January 2009 (historical)
Communication between Immune Cells Can Dampen Allergic Reactions
Scientists at the National Institute of Arthritis and Musculoskeletal and Skin Diseases (NIAMS) have found that communication between two immune system cells can decrease allergic responses in mice. By studying the interactions between the two cells, the scientists hope to better understand the factors that contribute to allergic reactions, allergic asthma, and anaphylactic shock. The study appeared in a recent issue of the journal, Immunity .
Juan Rivera, Ph.D., acting chief of the NIAMS Laboratory of Immune Cell Signaling, in collaboration with researchers at the University of Udine in Italy , studied two seemingly unconnected immune system cells: T regulatory cells (Tregs) and mast cells. Tregs regulate the activity of other immune cells, especially the activity of other T cells, and help prevent autoimmunity, a condition in which the body's immune cells mistakenly attack its own tissues and vital organs. Mast cells play a role in inflammation and release histamine and other inflammatory factors that help fight off infections. Under certain circumstances, mast cells release excessive amounts of inflammatory factors, causing severe allergic reactions and, in some cases, anaphylactic shock, which can be deadly.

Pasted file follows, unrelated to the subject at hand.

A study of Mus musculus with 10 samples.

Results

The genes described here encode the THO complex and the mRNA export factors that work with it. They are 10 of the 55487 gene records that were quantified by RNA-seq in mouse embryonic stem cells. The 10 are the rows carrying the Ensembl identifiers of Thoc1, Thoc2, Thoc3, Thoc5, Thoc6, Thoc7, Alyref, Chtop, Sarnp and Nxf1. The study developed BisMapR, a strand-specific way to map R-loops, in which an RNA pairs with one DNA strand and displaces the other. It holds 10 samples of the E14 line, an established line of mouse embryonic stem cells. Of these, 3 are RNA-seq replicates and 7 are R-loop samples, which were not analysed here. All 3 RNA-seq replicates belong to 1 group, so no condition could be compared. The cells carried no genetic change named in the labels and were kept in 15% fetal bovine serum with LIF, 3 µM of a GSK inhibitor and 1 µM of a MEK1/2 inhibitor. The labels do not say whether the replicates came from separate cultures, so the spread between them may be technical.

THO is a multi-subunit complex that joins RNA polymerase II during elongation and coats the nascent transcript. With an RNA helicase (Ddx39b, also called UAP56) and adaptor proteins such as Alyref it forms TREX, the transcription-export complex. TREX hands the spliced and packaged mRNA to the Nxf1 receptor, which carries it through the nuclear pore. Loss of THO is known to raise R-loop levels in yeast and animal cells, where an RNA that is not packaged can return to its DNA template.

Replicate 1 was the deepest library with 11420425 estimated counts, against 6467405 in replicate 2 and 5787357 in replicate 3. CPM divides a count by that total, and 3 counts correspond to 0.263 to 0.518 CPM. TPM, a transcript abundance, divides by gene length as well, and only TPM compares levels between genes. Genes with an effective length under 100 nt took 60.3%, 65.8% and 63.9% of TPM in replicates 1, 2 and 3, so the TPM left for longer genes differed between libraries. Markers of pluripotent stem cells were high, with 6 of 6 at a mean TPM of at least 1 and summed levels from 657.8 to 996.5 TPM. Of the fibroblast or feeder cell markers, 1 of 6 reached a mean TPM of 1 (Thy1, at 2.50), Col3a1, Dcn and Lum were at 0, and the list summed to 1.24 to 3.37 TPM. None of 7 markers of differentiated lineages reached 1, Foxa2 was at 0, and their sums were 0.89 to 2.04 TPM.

Dr. Rivera and colleagues showed that direct interaction between the two cells, in the form of cell surface to cell surface binding, suppressed the release of inflammatory factors from mast cells. Until this study, researchers were unaware of this mechanism for regulating allergic reactions. When the investigators discovered this mechanism, they considered the possibility that loss of this interaction may contribute to extreme allergic reactions. The researchers studied mice without Treg cells and found that they had increased allergic responses. In addition, the researchers removed the binding sites from the Tregs and mast cells in other mice and found that these mice also had increased allergic responses.
These findings may lead to a better understanding of why some people are more predisposed to allergic reactions, and possibly contribute to the development of therapies to counteract or prevent these conditions.
Reference: Gri G, Piconese S, Frossi B, Manfroi V, Merluzzi S, Tripodo C, Viola A, Odom S, Rivera J, Colombo MP, Pucillo CE. CD4(+)CD25(+) Regulatory T Cells Suppress Mast Cell Degranulation and Allergic Responses through OX40-OX40L Interaction. Immunity. 2008 Nov;29(5):771-81.